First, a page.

Cancers that begin in brain tissue or the spinal cord are known as central nervous system cancers. Primary brain tumors develop in the brain. If the tumor began in another part of the body but spread to the brain, it is called a secondary brain tumor or brain metastases.

Benign brain tumors begin in cells within or around the brain, but they grow slowly and don’t spread. Still, they can recur (grow back) after treatment. Malignant tumors are cancerous and can have more dangerous effects. They are known to grow quickly and spread into other areas of the brain. They may also recur after treatment. Metastatic or secondary brain tumors begin in other parts of the body like the lung, breast, colon or skin, but spread to the brain. In any case, if a tumor grows in the brain and presses on nearby areas, it can lead to unwanted signs & symptoms.

There are over 120 types of brain tumors and central nervous system tumors.

If you or a loved one has been diagnosed with a brain tumor or spinal cord tumor, you are not alone. The Cancer Support Community has educational resources and tools to help you cope. Find information on coping as a patient and a caregiver and about treatment options.

Call our Cancer Support Helpline and talk to a counselor


There are a number of diagnostic tests used to find a brain or spinal cord tumor. If a tumor is found, surgery is often the next step. Surgery is used to both diagnose (with a biopsy) and treat brain cancer. Tissue samples are needed to name and stage the cancer, based on the World Health Organization (WHO) classification system for brain tumors. A pathologist will grade tumors by reviewing tissue samples under a microscope. Grades range from “grade I” (benign or the least aggressive), to “grade IV” (malignant and the most aggressive).

Physical Exam

Your doctor will assess your overall health. You will be tested for fever, high blood pressure and swollen lymph nodes.

Neurological (or "Neuro") Exam

You will answer questions and perform tests that check brain, spinal cord, and nerve function. Are you walking normally? How well do your muscles, senses, and reflexes work?

    Visual Field Exam

    Your field of vision will be evaluated. Any loss of vision may be a sign of a tumor affecting the parts of the brain that affect eyesight.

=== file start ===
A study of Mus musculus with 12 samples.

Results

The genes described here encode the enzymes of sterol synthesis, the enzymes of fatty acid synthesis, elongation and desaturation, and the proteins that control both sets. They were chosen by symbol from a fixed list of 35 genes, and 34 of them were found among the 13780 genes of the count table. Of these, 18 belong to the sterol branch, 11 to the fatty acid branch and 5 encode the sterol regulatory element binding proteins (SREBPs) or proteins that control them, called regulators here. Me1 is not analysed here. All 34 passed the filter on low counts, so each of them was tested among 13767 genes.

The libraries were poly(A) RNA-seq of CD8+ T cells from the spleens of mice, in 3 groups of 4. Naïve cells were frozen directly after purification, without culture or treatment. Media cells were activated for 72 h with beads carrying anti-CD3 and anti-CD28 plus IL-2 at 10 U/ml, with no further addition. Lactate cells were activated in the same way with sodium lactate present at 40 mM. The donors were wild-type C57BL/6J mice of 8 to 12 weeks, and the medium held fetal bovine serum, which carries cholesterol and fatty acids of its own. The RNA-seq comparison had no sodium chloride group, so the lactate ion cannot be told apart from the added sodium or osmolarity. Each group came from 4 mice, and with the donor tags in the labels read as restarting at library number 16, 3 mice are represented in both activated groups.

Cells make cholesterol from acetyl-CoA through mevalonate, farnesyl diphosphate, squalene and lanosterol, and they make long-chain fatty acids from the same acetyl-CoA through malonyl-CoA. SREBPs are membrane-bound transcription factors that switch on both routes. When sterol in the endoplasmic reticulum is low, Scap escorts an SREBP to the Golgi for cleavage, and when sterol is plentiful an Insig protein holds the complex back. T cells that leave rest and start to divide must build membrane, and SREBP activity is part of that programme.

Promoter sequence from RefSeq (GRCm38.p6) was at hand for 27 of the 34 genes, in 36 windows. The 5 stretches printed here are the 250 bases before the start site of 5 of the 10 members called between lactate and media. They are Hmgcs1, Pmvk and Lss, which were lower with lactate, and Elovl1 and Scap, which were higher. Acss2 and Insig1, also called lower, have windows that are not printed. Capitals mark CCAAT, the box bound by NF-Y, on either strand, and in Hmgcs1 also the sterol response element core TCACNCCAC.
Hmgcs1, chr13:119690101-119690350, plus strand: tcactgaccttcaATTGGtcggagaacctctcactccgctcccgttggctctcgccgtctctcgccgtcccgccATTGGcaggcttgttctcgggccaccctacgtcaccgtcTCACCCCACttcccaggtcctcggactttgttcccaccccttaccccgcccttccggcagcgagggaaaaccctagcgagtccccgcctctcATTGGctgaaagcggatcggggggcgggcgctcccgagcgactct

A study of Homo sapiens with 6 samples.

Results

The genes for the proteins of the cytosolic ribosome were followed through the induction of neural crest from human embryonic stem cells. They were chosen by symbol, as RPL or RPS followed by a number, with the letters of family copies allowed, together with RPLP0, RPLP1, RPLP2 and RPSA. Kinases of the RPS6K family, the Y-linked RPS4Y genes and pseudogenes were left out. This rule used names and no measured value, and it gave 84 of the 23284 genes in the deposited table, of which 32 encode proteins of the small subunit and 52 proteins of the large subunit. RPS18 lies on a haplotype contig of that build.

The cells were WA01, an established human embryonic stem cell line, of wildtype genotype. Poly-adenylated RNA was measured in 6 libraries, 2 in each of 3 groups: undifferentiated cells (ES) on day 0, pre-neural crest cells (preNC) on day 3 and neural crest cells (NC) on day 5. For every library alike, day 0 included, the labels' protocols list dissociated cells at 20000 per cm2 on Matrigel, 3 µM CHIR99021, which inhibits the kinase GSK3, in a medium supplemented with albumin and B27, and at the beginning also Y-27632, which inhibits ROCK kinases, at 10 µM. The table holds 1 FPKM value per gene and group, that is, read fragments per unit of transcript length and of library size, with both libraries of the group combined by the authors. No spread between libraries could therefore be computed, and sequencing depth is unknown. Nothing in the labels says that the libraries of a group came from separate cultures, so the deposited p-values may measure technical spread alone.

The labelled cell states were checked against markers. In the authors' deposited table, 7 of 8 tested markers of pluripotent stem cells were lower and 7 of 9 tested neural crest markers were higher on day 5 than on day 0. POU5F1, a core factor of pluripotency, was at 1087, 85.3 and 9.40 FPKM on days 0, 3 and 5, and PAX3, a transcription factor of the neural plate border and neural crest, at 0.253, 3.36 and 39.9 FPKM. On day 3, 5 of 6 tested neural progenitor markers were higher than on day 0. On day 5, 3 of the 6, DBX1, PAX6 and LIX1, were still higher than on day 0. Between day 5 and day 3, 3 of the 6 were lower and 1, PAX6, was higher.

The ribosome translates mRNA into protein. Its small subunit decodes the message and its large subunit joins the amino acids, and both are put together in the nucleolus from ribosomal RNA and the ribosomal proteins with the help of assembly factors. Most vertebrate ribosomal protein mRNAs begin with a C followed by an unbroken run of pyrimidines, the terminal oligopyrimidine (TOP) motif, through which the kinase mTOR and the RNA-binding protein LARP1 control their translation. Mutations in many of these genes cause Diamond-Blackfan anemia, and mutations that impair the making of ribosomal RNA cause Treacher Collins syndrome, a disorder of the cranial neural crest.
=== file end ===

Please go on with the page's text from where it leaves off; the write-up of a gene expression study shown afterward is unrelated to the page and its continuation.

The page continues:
Gene Testing

    If you have a family history of brain tumors, your doctor may recommend tests for an inherited syndrome.

      Imaging Tests

      One or more imaging test would be used to ultimately find a brain or spinal cord tumor.

      Magnetic Resonance Imaging (MRI) – This test uses nuclear magnetic resonance to take detailed pictures of the brain. During this test a dye called gadolinium may be used. It collects around the cancer cells so they show up brighter in the picture.

      Perfusion MRI – This test may also be done during the MRI to look at blood flow in the tumor.

      Magnetic Resonance Spectroscopy (MRS) – MRS is used to identify the chemical make-up of tumor tissue. It may also be done during the MRI.

      CT scan – This X-ray test creates detailed cross-sectional images of your brain and spinal cord. The CT scanner takes many pictures of the soft tissues in the body as it rotates around. This is usually done in emergency situations or if the patient cannot have a MRI.

      PET Scan – During this test a small amount of radioactive dye (often glucose (sugar)) is injected into a vein. The scanner rotates around the body and shows where the dye is found. Malignant tumor cells use more glucose than normal cells since they are more active, so in the pictures they look brighter.

      SPECT Scan – This test creates a 3-D picture of the brain with the use of a radioactive dye (injected through a vein or inhaled through the nose). Where cancer cells are growing, there will be more chemical reactions. These areas show the dye and look brighter in the picture. This scan may be done just before or after a CT scan.

      Angiogram – This test uses X-rays to look at blood vessels and the flow of blood in the brain. It is rarely used today.